Juniper Procumbens Nana Bonsai

Getting Started:
What is a Bonsai?

Originating over 1,300 years ago, the popular art of putting a tree in a pot originates back to China where it spread to Japan and Korea.  The literal translation of ‘bon” “sai” originates from the Chinese term “pen” “tsai” or “tree in a pot”.  The art has grown and reached all over the world, with the practice adopting different forms and styles.

The essence of the art is cultivating a tree in a pot. This can include any tree and any species. However, not all species of trees enjoy being placed in a small container.  That is why many certain species of trees are commonly used for bonsai.

As the practice grew, artists and practioners have developed methods for manipulating the branches of trees. These methods include shaping trees by pruning or even using techniques to bend branches.  Because of the potential for creative expression, the art has developed continuously as artists and individuals have found different ways to shape and style a tree in a pot.

Creating a Bonsai
The Four Stages

The steps for creating a bonsai can range from  potting nursery stock into a nice pot to cultivating and training collected trees for decades before placing it into a pot.  However, bonsai are created typically by following these four steps.

1. Raw Material

Raw material refers to nursery stock or collected material in its rawest form. The most common form of raw material is nursery stock, or trees grown from nurseries. These trees are grown naturally without any shaping or training.

2. Shaping & Styling

From raw material, trees will enter the shaping and styling stage. This stage can last a single season to many years depending on the quality of the raw material. During this stage, the goal is to encourage desired branch growth. Selecting branches and the overall style is determined during this stage.

3. Pot Selection

Once the tree has been trained to the desired shape, a pot is chosen for the tree. The tree is then repot into that pot. The tree will continue to grow but at a slower rate once placed in a pot. As the tree continues to grow and develop, the artist may change the style or replace the pot.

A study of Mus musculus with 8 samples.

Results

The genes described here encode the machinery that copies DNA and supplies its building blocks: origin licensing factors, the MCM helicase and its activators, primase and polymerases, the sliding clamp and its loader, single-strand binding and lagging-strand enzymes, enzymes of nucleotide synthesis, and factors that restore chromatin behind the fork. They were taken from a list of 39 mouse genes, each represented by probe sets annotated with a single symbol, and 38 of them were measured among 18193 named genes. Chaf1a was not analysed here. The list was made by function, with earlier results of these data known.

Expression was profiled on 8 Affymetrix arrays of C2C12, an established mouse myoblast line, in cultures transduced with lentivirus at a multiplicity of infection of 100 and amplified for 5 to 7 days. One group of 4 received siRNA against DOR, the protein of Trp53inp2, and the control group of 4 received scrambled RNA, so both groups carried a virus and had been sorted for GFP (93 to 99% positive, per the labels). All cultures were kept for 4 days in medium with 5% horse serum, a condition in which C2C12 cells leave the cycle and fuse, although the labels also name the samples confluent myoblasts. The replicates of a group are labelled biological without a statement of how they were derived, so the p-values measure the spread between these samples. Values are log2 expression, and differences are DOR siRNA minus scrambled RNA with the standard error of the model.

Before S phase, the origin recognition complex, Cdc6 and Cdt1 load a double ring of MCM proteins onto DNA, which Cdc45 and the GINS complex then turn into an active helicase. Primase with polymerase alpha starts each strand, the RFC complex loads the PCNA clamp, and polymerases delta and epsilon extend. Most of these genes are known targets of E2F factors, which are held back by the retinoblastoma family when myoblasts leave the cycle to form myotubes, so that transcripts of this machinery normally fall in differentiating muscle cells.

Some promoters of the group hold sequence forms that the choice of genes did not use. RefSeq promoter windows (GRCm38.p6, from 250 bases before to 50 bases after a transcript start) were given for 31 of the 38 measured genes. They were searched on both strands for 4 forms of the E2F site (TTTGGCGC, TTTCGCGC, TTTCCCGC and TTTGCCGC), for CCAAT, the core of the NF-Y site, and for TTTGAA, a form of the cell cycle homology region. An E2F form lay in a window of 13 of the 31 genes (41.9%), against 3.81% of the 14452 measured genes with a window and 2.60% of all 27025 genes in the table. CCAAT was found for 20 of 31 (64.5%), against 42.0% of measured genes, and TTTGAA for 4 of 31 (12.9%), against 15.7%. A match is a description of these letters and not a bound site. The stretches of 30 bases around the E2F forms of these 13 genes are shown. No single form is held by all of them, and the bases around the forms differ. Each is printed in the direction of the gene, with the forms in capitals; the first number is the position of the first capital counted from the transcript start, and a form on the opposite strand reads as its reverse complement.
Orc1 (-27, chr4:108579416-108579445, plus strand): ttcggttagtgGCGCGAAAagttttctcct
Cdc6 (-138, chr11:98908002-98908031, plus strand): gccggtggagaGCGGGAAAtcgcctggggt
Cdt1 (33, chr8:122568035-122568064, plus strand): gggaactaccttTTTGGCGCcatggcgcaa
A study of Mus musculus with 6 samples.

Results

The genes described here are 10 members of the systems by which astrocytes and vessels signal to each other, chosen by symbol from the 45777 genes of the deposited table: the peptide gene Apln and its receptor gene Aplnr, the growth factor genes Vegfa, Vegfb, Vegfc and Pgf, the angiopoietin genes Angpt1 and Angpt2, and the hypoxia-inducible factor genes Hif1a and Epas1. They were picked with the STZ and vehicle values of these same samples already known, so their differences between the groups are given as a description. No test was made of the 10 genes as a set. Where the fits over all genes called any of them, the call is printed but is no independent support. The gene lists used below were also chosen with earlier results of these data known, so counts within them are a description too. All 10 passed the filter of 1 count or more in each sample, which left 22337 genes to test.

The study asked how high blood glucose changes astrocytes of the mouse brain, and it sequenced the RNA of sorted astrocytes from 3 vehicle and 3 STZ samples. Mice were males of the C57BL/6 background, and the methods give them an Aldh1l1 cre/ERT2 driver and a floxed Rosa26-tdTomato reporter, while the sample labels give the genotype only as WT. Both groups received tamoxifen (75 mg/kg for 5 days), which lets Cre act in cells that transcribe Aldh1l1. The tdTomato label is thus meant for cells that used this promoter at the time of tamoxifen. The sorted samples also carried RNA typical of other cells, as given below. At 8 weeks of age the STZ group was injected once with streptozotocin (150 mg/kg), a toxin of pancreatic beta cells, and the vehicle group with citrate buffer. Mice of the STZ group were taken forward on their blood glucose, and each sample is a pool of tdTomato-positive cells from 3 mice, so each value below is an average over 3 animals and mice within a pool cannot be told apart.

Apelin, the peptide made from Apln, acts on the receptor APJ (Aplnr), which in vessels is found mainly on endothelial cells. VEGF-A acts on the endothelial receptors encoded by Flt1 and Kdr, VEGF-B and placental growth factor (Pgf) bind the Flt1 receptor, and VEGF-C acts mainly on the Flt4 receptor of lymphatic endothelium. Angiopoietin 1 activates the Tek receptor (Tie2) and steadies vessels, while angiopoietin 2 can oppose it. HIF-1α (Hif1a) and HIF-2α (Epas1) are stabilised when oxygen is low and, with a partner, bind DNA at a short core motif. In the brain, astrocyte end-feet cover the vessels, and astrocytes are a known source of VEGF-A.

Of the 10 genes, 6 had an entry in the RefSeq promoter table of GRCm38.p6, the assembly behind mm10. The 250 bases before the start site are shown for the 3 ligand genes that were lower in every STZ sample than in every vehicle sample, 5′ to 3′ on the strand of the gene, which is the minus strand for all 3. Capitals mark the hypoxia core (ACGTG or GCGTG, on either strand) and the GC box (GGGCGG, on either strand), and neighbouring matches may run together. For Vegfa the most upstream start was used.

4. Maintenance and Growth

Once in a pot, the tree will require maintenance to keep its form. This includes providing nourishment as well as pruning and shaping as the tree continues to grow.

Eastern Leaf Chinese Elm Bonsai Tree

The Elements of a Bonsai

The design of a bonsai tree depend entirely on the artist and creator.  However, you will find these common elements in most bonsai trees.

Conifer Bonsai Trees

Conifer bonsai trees include Junipers, Pines, Cedars, Cypresses, and other species that produce cones. Many of these trees are evergreen and are work extremely well for bonsai due to their more compact foliage and distinctive trunks.

Tropical Bonsai Trees

Tropical bonsai trees include many varieties of Ficus, Chinese Elms, Fukien Tea.  They enjoy more humid environments and are very fast growers.

Deciduous Bonsai Trees

Deciduous bonsai trees include tree in which the leaves fall off every winter. These trees include the popular Maple. However, they also include Oak, Beech and other trees drop their leaves during the colder months.  Well shaped deciduous trees look very special during winter since you are able to view branch ramification.

Other Popular Bonsai Trees

There are many other species that work very well as bonsai.  These include: Olives, Crepe Myrtles, Pyracanthas, Jades, Azaleas, Boxwood, Crabapple, Buttonwood.

However, artists are always experimenting with new species.


Choose your style...

Common Species of Trees for Bonsai

A common misconception about bonsai is that the trees used for bonsai are miniature species used specifically for bonsai.  The reality, however, is that the species of trees used are the same as the ones found in your garden or planted on the side of your street. 

Bonsai are created from many common species of trees. Through certain techniques, we can turn the same species of trees into smaller forms.

Some of these include reducing leaf size, trunk chopping, defoliation, and regular pruning. For more techniques, please visit our techniques page.